Cellphone Brand friendly

Monday, March 5th 2012. | Gadget News

subAdco-popupDECLARATIONS of love for cellphone companies are few and far between. Dropped calls, rising prices, spotty service and strict contracts make many customers want to throw their hands — and their phones — in the air.

Virgin Mobile is hoping to tackle that antipathy head-on with an advertising campaign that starts this week.

Allon Tatarka, a creative director at Mother New York, the agency that created the campaign, said many people’s relationships with carriers ranged from lukewarm to vitriolic. “You either don’t care or you hate them,” Mr. Tatarka said. “We’re trying to inject love into that relationship.”

Virgin Mobile isn’t a full cellphone company. Instead it’s a brand that offers prepaid cellphones through Sprint in the United States. It hopes to solidify its position with its target market, 18- to 24-year-olds, with a campaign that includes a heavy dose of youth marketing strategies from social media sites like Pinterest and Facebook, as well as mobile applications.

Ron Faris, the head of brand marketing for Virgin Mobile USA, said the campaign would “tap into the Zuckerberg in all of us,” a reference to Mark Zuckerberg of Facebook.

Banner ads will run on sites like YouTube, Gawker, Buzzfeed and Pandora and television ads will be broadcast on ABC, NBC and Fox during shows like “Modern Family,” “Jimmy Kimmel Live” and “America’s Next Top Model.”

“We’re going to change the relationship you have with your cellphone company,” Richard Branson, the founder of the Virgin Group, says in an online video manifesto for the campaign. “We answer to a higher calling,” he adds, underscoring the tagline for the entire campaign.

Mr. Branson is the central character in the campaign’s television ad. “Long before Richard Branson created airlines and spaceships, he envisioned Virgin Mobile,” says the narrator in the ad, which shows Mr. Branson growing up in 1960s London.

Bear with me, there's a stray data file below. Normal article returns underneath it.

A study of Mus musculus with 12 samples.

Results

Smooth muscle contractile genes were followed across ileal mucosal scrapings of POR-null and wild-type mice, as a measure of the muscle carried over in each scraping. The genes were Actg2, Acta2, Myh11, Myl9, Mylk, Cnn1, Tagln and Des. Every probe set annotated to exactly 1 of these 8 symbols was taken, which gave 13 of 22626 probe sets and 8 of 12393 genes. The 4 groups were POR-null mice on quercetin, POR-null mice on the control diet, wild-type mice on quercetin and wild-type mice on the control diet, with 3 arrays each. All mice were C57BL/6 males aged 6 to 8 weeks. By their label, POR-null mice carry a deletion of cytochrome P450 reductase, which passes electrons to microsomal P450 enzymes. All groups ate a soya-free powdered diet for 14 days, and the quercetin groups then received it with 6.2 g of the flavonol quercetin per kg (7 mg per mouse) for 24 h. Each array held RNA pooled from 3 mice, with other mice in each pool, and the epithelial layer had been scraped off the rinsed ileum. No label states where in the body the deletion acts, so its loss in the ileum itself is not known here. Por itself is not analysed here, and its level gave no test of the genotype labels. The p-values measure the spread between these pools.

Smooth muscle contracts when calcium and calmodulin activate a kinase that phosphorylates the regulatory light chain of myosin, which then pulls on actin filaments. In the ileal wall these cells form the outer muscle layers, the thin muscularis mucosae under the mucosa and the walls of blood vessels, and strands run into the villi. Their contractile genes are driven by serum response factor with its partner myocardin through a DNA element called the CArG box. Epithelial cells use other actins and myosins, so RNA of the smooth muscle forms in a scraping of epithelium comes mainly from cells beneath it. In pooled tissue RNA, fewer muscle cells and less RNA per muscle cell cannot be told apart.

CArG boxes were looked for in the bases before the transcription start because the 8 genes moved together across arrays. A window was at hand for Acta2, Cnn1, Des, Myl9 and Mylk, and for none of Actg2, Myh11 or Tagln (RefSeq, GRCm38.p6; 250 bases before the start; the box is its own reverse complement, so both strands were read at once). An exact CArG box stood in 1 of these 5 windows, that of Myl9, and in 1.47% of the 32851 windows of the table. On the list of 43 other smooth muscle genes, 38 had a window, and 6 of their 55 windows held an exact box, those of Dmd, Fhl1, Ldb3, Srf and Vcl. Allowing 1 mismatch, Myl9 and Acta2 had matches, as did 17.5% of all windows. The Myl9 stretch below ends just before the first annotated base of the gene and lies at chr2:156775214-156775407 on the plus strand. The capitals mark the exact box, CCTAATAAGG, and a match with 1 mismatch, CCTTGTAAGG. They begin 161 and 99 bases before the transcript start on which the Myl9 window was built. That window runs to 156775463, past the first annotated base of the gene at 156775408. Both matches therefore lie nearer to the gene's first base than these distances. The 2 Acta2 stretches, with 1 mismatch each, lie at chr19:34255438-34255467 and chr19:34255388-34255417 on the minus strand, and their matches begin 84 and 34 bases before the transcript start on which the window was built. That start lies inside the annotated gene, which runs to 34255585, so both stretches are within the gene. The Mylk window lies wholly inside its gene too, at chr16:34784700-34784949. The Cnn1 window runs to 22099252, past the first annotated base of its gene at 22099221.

Robert Passikoff, the president of Brand Keys in New York, a brand and customer-loyalty consulting company, played down Mr. Branson’s celebrity role and said cellphone shoppers were looking for brand reputation, technological leadership and connectivity.

The campaign is also emphasizing Virgin’s data services. “Everything has been commoditized to price,” Mr. Faris said. Those in the target audience “don’t need thousands of minutes, they need a ton of data,” he said. After AT&T announced it would no longer offer users unlimited data, the timing could be opportune for Virgin to highlight its $35-a-month unlimited data plan.

“Voice talk just isn’t the norm anymore,” said Craig Moffett, an analyst with Sanford C. Bernstein. “This is the Facebook generation that cut its teeth on posting updates to a Web site as a way of communicating.”

Creating content for those cellphones is also a big part of the campaign. Virgin worked with Buzzfeed to create content published via social media sites like Tumblr, Facebook and Pinterest and the newly revamped VirginMobileLive.com. “It’s a decision we’re making to move closer to newsroom marketing.” Mr. Faris said. “We want to be a voice where pop culture meets technology.”

To hone their editorial skills, Virgin Mobile employees will be trained by the creative services team at Buzzfeed in how to spot news and create content for the sites. “Brands have not yet figured out how to do real-time advertising or real-time content,” said Jonah Peretti, founder and chief executive of Buzzfeed. “They tend to do things with huge lead time.”

Spotting and publishing an item about the latest cat video craze or celebrity gossip needs to happen quickly. “It’s not how to make branded content for advertising, it’s showing them how to make really interesting engaging content for their audience,” Mr. Peretti said.

Virgin Mobile will also feature weekly profiles of apps to help developers gain exposure. The company will reveal its first app profile at the South by Southwest conference on Friday. A network of 25 technology bloggers, called the VM 25, will help the company promote its contests and other announcements. “We want to be a more hyperaddicted version of your friend on Facebook who you share stuff with,” Mr. Faris said.

Virgin Mobile is not alone in this prepaid market. Companies like MetroPCS have similar offerings for voice and data plans. But Virgin Mobile’s biggest rival is T-Mobile, Mr. Passikoff said. “Basically it’s Sprint going after T-Mobile,” he said. (Virgin Mobile is owned by Sprint in the United States.)

Virgin Mobile has not been shy about its disdain for its rival. Carly, the T-Mobile spokeswoman who wears a pink dress while standing against a stark white background, was once a play on ads for Apple’s Mac. Now, in a Virgin Mobile ad, she is parodied as being devoid of cool and is denied entry to a nightclub because of her pink dress.

Virgin Mobile did not share the cost of the campaign, only to say the company tended “to spend somewhere between 3 percent and 5 percent of what our competitors spend on paid media.”

According to data from Kantar Media, part of WPP, Virgin Mobile spent $20.1 million on advertising from January to September 2010 and $47.4 million for the same period in 2011. T-Mobile spent $425.1 million on advertising from January to September 2011 and MetroPCS spent $85.2 million in the same period.